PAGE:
We’re currently hosting a series of Immigration Seminars around the country with the purpose of taking a stand against a New Zealand Immigration policy that could have dire consequences for our country’s dairy farming sector.
What exactly are we taking a stand against? It’s a proposed policy change known as the stand down, which would see low skilled work visa holders stood down after three consecutive years on a one-year work visa.
But we want our stand to make waves, so that’s why we have set up an online petition and identified three key points we want the Immigration Minister, the Hon. Iain Lees-Galloway to respond to.
1. The proposed stand down
We would like to see this proposed stand down, which would come into effect as of 2020, be amended or, ideally, repealed. Why? Because standing down people who are working in trained and skilled roles in rural communities, where there is already a significant labour shortage, could cripple the agriculture sector and have severe implications for New Zealand’s economy.
Furthermore, it would cause irreparable damage to the rural communities so reliant on this skilled labour force.
Instead, we would like to see this proposal be transformed into a policy that better fits different areas of New Zealand and our economy.
On another note, we also want to see the term ‘low-skilled’ removed as it doesn’t reflect the skills of these work visa holders. They are not ‘low-skilled’. Getting out of bed at 4am, calving a cow in the middle of winter, getting kicked in the head by a heifer when milking does not sound like an easy, low-skilled job.
2. The Government’s pre-election promise of regionalising our skills shortage lists
Last year, one of the Government’s pre-election promises was to regionalise our skills shortage list. As part of this petition we are asking the New Zealand Government to please honour its word on this promise.
We also advocate the position of Herd Manager, based on two years’ experience within New Zealand and a New Zealand attained Level 3 ITO (1-year qualification attained while working), for all employees earning the mid-skilled wage (currently $20.65 per hour). These employees should be placed on the Immediate Skill Shortage List (ISSL) across all dairy focused areas of the nation.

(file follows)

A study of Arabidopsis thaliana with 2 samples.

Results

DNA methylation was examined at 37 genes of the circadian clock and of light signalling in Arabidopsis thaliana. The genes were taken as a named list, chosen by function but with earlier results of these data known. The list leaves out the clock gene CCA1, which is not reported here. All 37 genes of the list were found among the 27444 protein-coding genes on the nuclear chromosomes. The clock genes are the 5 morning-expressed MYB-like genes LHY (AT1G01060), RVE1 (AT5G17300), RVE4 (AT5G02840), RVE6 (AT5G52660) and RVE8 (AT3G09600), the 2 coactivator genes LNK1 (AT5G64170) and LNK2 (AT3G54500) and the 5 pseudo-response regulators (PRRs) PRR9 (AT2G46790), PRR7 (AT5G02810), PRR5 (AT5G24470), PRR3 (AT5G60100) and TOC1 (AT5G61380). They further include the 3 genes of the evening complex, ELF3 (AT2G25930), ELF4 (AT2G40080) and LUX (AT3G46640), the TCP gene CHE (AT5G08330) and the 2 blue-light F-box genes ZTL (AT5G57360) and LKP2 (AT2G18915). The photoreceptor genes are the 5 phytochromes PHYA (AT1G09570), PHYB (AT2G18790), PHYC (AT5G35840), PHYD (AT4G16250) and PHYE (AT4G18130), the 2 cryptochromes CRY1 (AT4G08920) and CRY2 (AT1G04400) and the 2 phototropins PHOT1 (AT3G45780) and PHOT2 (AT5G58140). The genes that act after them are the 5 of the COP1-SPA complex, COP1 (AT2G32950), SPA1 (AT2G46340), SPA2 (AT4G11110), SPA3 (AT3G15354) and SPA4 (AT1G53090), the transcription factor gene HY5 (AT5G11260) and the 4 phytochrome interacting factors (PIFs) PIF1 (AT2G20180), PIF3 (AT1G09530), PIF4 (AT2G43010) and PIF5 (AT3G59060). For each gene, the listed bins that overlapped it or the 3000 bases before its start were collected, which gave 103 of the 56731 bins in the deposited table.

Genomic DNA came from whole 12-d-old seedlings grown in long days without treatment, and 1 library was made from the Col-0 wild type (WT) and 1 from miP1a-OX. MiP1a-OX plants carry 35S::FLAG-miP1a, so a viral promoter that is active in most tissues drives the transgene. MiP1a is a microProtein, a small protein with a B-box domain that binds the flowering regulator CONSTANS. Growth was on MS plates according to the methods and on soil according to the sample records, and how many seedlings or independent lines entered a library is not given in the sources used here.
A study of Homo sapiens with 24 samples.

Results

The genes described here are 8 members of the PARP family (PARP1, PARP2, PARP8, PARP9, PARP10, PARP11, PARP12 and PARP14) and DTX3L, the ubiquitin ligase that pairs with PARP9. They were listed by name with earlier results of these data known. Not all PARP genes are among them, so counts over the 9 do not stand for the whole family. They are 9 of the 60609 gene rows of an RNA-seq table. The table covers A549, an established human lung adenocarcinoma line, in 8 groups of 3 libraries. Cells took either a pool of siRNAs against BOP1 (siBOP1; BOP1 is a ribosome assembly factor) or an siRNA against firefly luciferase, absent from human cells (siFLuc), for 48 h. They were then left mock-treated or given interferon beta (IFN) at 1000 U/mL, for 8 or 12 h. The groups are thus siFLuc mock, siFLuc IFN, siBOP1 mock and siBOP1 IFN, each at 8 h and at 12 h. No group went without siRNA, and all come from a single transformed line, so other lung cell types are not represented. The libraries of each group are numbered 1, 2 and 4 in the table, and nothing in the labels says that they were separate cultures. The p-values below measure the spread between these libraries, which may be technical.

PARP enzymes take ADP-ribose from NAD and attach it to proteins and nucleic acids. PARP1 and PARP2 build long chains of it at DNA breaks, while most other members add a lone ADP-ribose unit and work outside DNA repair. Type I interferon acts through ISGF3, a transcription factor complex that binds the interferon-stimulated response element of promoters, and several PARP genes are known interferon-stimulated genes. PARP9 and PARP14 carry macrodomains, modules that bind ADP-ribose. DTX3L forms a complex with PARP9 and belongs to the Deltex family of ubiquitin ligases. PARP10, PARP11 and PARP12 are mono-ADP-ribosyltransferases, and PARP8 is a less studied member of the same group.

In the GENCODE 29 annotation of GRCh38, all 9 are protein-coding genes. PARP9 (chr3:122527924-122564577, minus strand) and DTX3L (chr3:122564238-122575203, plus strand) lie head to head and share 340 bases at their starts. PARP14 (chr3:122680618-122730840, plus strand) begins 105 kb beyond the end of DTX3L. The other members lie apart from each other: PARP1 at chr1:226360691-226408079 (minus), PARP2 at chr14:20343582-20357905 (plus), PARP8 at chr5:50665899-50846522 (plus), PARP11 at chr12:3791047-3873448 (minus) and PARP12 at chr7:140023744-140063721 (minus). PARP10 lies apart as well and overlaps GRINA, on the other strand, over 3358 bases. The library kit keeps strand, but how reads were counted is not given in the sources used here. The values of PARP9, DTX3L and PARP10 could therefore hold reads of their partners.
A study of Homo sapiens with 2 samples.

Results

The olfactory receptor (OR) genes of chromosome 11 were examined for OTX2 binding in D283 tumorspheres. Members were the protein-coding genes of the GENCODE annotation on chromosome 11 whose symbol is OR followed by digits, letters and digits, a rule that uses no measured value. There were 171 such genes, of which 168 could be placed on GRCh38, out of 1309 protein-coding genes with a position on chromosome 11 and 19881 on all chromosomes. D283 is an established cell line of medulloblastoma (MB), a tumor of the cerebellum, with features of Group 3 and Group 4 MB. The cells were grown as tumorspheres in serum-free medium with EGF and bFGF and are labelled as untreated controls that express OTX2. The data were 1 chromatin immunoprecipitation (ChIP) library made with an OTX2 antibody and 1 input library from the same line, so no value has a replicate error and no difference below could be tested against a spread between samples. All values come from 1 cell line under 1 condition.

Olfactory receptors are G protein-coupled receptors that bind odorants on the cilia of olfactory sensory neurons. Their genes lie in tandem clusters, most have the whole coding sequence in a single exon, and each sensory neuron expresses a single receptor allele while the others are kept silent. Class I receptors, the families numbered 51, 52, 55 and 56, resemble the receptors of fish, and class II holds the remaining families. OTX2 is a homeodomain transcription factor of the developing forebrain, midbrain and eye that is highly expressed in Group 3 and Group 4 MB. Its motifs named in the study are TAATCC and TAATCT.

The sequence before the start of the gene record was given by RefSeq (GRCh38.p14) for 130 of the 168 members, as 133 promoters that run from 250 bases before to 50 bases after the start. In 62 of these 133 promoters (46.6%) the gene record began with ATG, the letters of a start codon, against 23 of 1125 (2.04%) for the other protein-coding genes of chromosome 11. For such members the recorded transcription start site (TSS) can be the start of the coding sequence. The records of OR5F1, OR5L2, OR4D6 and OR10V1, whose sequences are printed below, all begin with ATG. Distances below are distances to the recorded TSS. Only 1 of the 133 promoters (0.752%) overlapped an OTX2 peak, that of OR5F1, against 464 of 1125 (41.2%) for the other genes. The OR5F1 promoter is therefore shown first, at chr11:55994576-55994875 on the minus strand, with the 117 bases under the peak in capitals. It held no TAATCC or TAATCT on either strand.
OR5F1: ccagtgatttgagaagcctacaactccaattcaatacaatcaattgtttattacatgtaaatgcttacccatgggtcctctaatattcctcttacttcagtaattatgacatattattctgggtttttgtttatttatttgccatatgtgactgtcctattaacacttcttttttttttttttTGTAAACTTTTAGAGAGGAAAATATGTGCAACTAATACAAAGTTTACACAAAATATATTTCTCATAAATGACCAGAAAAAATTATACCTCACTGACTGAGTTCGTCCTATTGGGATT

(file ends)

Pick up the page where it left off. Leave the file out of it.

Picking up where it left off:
In 2018, how can we not be utilising the technology and data available to distinguish the different needs of different parts of New Zealand and what their shortages might be? The Hawkes Bay example of leaving millions of dollars of apples rotting on the ground when there was no one to pick them is a painful example that immigration policy needs an urgent overhaul – as was proposed pre-election.
By the way ANZSCO, the Australian and New Zealand Standard Classification of Occupations, is 20 years out of date, and does not come close to describing what anyone, in any position on a dairy farm does. This should be looked at too.
3. Greater access to New Zealand residence for mid-level dairy staff
Our third point relates to the current Skilled Migrant Category (SMC) Residence programme. This programme is centred on a university qualification but that misses the point. We have a shortage of trades people and mid-level blue collar staff in New Zealand when many of our own people have attained degrees.
We seek immigration policy settings that bring in what we need, not more of what we already have.
Starting with the SMC Residence programme, especially outside of Auckland, the points system desperately needs to align with the employment sector needs of each region. We believe this can initially be achieved via an increase in SMC points for onshore work experience in critical areas – such as Dairy Farming and the Trades.
Sign the petition
So that’s what we’re standing for. But why are we doing it?
Because at The Regions we believe in the betterment of New Zealand. And we believe that betterment comes in uniting together to transform the lives of migrants wanting a better future; we believe that betterment comes in finding a solution to New Zealand’s dairy farm labour shortage.
So please join with us in taking a stand. You can sign the petition by licking on the link below. Our aim is to get 2,000 signatures. Will yours be one of them?